Anatomy of a Fabulous Fed Flip-Flop
In politics and on the campaign trail, flip-flops can be very damaging. But Ben Bernanke's whopper of a policy flip-flop two months ago turned out to be a big positive for financial markets and the economy, and may even help reverse the sinking fortunes of the GOP.
The flip-flop itself is a tale of two Bernanke's: On the afternoon of Aug. 7, the Federal Reserve chair was an inflation hawk — according to the unchanged FOMC policy statement — fearful of adding liquidity to the markets. By day's end on Aug. 9, however, he was leading the liquidity charge, initiating a process that would help unlock the credit seize-up that started in late-July.
Why the 180?
Using the Freedom of Information Act, Ken Thomas, researcher and lecturer at the University of Pennsylvania's Wharton school, was able to get Bernanke's calendar of phone calls and meetings at the time the flip-flop occurred. He found that a day after the Fed's Aug. 7 decision to keep rates steady and maintain a focus on inflation worries, Bernanke received a phone call from Citigroup's Robert Rubin, the Wall Street powerhouse and former Clinton treasury secretary. Thomas does not know the content of the Rubin call, but subsequent calls and events suggest that Bernanke rapidly changed his mind on Aug. 8 and 9, after which he began steering the Fed toward a series of massive money additions to the banking system.
According to the Bernanke logs, a 5 p.m. Rubin call on Aug. 8 was followed by a 7:30 a.m. next-day breakfast with Bush Treasury man Henry Paulson and an 11 a.m. meeting with legendary mortgage expert Lou Ranieri. (It was Ranieri who pioneered mortgage-backed securitizations, the very bonds that were collapsing as a result of the subprime mortgage virus that had already begun infecting the financial system.) At 2 p.m. that day, the Fed chair met with Ray Dalio, head of Bridgewater, the fourth-largest U.S. hedge fund, along with other hedge-fund magnates. At 4:30 p.m., Bernanke was on a conference call with his fellow FOMC members, undoubtedly to discuss a Fed change of heart.
In fact, over the next few weeks, Bernanke participated in no fewer than 35 separate conference calls with fellow Fed operatives — a complete departure from his earlier no-conference-call style.
The Bernanke narrative is based on the incidence of calls and meetings, and not the actual content. But it seems clear that Rubin started a chain reaction on Aug. 8 — only one day after the Fed's disappointing, hold-the line policy decision that so disappointed financial markets and intensified the credit turmoil.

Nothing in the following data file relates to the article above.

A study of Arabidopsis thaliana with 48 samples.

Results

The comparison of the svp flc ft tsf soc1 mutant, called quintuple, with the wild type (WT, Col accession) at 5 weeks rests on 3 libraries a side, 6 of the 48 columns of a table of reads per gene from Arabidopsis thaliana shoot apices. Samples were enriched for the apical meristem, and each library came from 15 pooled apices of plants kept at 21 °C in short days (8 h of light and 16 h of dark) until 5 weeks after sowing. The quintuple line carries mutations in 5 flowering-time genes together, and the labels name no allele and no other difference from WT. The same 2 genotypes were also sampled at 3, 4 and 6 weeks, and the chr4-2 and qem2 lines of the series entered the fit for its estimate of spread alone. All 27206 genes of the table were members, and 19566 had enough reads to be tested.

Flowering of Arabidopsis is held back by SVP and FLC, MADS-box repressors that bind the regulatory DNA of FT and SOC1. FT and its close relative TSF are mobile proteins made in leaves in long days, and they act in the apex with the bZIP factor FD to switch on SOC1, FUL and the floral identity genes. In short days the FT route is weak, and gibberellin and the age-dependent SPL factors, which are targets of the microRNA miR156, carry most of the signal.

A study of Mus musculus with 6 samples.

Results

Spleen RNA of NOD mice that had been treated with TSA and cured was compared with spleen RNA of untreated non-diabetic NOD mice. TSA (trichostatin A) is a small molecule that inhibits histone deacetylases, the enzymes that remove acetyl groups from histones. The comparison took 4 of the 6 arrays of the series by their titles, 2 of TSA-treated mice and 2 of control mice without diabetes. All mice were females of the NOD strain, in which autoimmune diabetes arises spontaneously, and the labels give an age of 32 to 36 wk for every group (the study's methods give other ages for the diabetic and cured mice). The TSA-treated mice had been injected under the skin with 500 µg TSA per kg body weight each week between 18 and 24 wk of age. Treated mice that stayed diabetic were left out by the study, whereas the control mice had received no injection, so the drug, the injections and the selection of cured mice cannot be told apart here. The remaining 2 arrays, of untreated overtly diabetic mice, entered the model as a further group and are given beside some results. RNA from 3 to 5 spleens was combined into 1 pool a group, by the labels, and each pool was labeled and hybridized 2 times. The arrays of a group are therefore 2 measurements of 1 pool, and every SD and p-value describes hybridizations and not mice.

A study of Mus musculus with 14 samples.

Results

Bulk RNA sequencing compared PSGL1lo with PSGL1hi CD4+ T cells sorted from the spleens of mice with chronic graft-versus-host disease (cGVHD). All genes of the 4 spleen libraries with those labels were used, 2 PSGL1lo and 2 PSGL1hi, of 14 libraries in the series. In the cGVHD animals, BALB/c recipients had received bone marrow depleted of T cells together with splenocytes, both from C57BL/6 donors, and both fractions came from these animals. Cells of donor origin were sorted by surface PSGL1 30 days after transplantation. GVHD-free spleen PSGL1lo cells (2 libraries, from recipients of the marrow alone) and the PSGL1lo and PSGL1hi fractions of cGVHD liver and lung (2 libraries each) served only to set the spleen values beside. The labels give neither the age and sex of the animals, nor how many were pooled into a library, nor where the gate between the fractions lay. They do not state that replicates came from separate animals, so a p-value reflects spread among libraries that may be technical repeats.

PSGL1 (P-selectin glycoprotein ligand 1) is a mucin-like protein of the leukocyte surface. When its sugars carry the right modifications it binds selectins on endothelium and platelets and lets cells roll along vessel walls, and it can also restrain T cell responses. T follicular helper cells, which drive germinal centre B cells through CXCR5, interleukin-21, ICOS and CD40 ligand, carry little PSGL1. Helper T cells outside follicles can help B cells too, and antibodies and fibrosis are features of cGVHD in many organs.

Essentially, the academic Bernanke became a hands-on market participant through his contacts with Rubin, Paulson, the hedgies and others. He reached out to savvy financial-market players, who put him in touch with the real world. He then embarked on a five-week journey that shook world credit markets out of their financial panic and started the healing process that continues to this day.
Financial confidence has improved, the credit crunch has loosened, and stock markets worldwide have rebounded dramatically, with the Dow hovering near its high of 14,000. This wipes the 2008 recession scenario off the table. For example, the latest jobs report shows 110,000 new payrolls for September, with the prior two months revised up by 118,000.
In the annals of flip-flops, the Bernanke switch is as good as they come. And not only economically, but politically.
Most pundits believe a prolonged economic downturn would doom any Republican in the presidential race against Sen. Hillary Clinton, the most likely Democratic candidate. The pay-to-play Intrade prediction market puts a 60 percent probability on a Democratic presidential win. Compounding this, a Wall Street Journal poll gives Democrats a 25 percentage-point advantage on cutting budget deficits, a 16 point margin on spending control, a 15 point lead on the economy and a 9 point advantage on taxes. On top of that, the poll shows a serious Republican loss of business support.
Undoubtedly, an economic recession on top of all this would be gut-wrenching for the GOP. But Bernanke's major-league monetary makeover, one that re-launched a pro-growth Fed policy to supply ample credit for economic expansion, changes all that.
It would be ironic if Clinton advisor Robert Rubin's phone call to the Fed chief — a call that triggered a complete monetary about-face — wound up bolstering the economy and keeping GOP presidential hopes alive.
To find out more about Lawrence Kudlow and read features by other Creators Syndicate writers and cartoonists, visit the Creators Syndicate web page at www.creators.com.